Not only does Taiwan offer thoughts about itself and for the future, but Amy Chow, a professor with social
work background, also shares the palliative care challenges which Hong Kong is currently facing. She explains, "Palliative care in Hong Kong began in 1982 and has been progressing for 37 years now."
Furthermore, Hong Kong's palliative care began in the British colonial Catholic hospitals and slowly expanded to other medical institutions. Although it started out early, it was only until 1992 that it gradually flourished.
"That was the year when I started working," she says. Working in the field of palliative care for many years, Amy admits that her beginning knowledge came straight from textbooks. She still remembers the first time she led students into the medical institute for palliative care as a supervising professor of students, and how she had no relevant experience. Since then, she has realized one can only truly learn from doing. Because she saw this societal need, she courageously decided to continue.
Amy also recalls in her early days of palliative care, how she once met a pair of siblings in the hospital. The younger brother was a 30 year-old physics teacher who was at the terminal stage of liver cancer. Amy discovered that although the sister visited him at the hospital every day, the two did not speak at all.
Whenever the brother lies in bed, she would be sitting close by without saying a word." One day, when the brother was absent, Amy went to talk to the sister, who immediately burst into tears. Amy says, “She [the sister] felt very guilty towards her brother because he loved literature but she had forced him to study physics. He was even held back a year once because of that decision. She thinks that this made her brother very unhappy and was the cause of liver disease. She felt very guilty for this, but does not know how to confess."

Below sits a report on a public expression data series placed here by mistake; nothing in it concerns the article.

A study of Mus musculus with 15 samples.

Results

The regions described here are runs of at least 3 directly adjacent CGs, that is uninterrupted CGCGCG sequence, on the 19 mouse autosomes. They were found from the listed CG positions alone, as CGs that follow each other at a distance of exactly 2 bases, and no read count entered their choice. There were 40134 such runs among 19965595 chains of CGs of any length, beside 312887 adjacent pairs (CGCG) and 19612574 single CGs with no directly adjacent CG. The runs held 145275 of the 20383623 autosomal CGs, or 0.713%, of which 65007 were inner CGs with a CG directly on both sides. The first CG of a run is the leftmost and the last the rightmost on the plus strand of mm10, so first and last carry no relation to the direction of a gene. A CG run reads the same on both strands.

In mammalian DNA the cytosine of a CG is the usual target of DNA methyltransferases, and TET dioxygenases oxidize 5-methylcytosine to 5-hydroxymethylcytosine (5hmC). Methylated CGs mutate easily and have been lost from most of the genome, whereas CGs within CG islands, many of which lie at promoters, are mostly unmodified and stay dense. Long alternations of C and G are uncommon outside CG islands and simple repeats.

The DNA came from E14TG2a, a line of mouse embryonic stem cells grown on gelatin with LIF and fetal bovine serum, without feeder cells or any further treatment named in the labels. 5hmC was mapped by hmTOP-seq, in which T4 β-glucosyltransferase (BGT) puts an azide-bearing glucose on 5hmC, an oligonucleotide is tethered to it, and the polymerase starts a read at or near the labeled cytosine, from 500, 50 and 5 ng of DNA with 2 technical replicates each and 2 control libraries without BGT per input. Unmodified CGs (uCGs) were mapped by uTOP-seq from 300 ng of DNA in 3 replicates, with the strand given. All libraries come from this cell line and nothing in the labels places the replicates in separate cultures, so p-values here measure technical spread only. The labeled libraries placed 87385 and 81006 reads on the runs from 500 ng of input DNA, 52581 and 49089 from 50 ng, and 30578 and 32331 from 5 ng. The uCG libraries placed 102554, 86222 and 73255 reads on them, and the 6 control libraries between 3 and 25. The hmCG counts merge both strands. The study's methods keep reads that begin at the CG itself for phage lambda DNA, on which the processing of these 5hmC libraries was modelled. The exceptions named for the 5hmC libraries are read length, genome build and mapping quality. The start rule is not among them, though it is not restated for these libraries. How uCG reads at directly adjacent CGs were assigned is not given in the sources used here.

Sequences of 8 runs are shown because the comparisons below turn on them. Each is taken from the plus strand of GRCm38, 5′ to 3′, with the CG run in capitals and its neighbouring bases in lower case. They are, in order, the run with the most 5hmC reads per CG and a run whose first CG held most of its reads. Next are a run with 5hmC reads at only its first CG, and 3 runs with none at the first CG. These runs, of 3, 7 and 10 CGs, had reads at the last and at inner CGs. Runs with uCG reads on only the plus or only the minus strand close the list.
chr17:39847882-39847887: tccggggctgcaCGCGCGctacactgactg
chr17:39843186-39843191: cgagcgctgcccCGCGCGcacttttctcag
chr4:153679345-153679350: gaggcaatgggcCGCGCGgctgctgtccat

Later, Amy also talked to the brother alone, and told him about his sister’s hidden guilt. The brother was shocked and told Amy, "No, it's my fault. My sister quit school young to work and supported us in education. She also helped me make good decisions, including the opportunity to teach physics. I am proud of myself."
After understanding the confused yet caring hearts of both, Amy started a heart-toheart dialogue for the siblings so that the sister could be relieved of her guilt. Soon after, when Amy passed by their ward, she occasionally heard lively conversationcoming from the room.
Conversation Limited in Chinese Society - Learning from International Cases
"Hospice is not just to treat the bodies, but also to appease the hearts," says Amy. Since realizing this, she has been promoting related concepts in Hong Kong. However, she also realizes that the traditional thinking of Chinese culture slows down progress. "Many Chinese, especially older patients, are not used to talking about this topic, so we have to use various tactics and to include the family members to participate."
Besides accumulating knowledge within ourselves, Amy also believes that the successful experience of overseas countries has provided great help in the development of palliative care in Hong Kong. Especially in this APHC conference, she has seen many different possibilities.
Amy notes, "Every country makes different discoveries. Most developing cities emphasize clinical care, but mostly Chinese regions, such as Taiwan and Singapore, are more focused on psychological communication, especially how family members communicate and talk." On the other hand, she also observes that palliative care of non-cancer patients has gradually become a new trend. "This conference has lecturers who discussed patients with Alzheimer's disease and long-term kidney disease in palliative care. This is something that Hong Kong must learn from."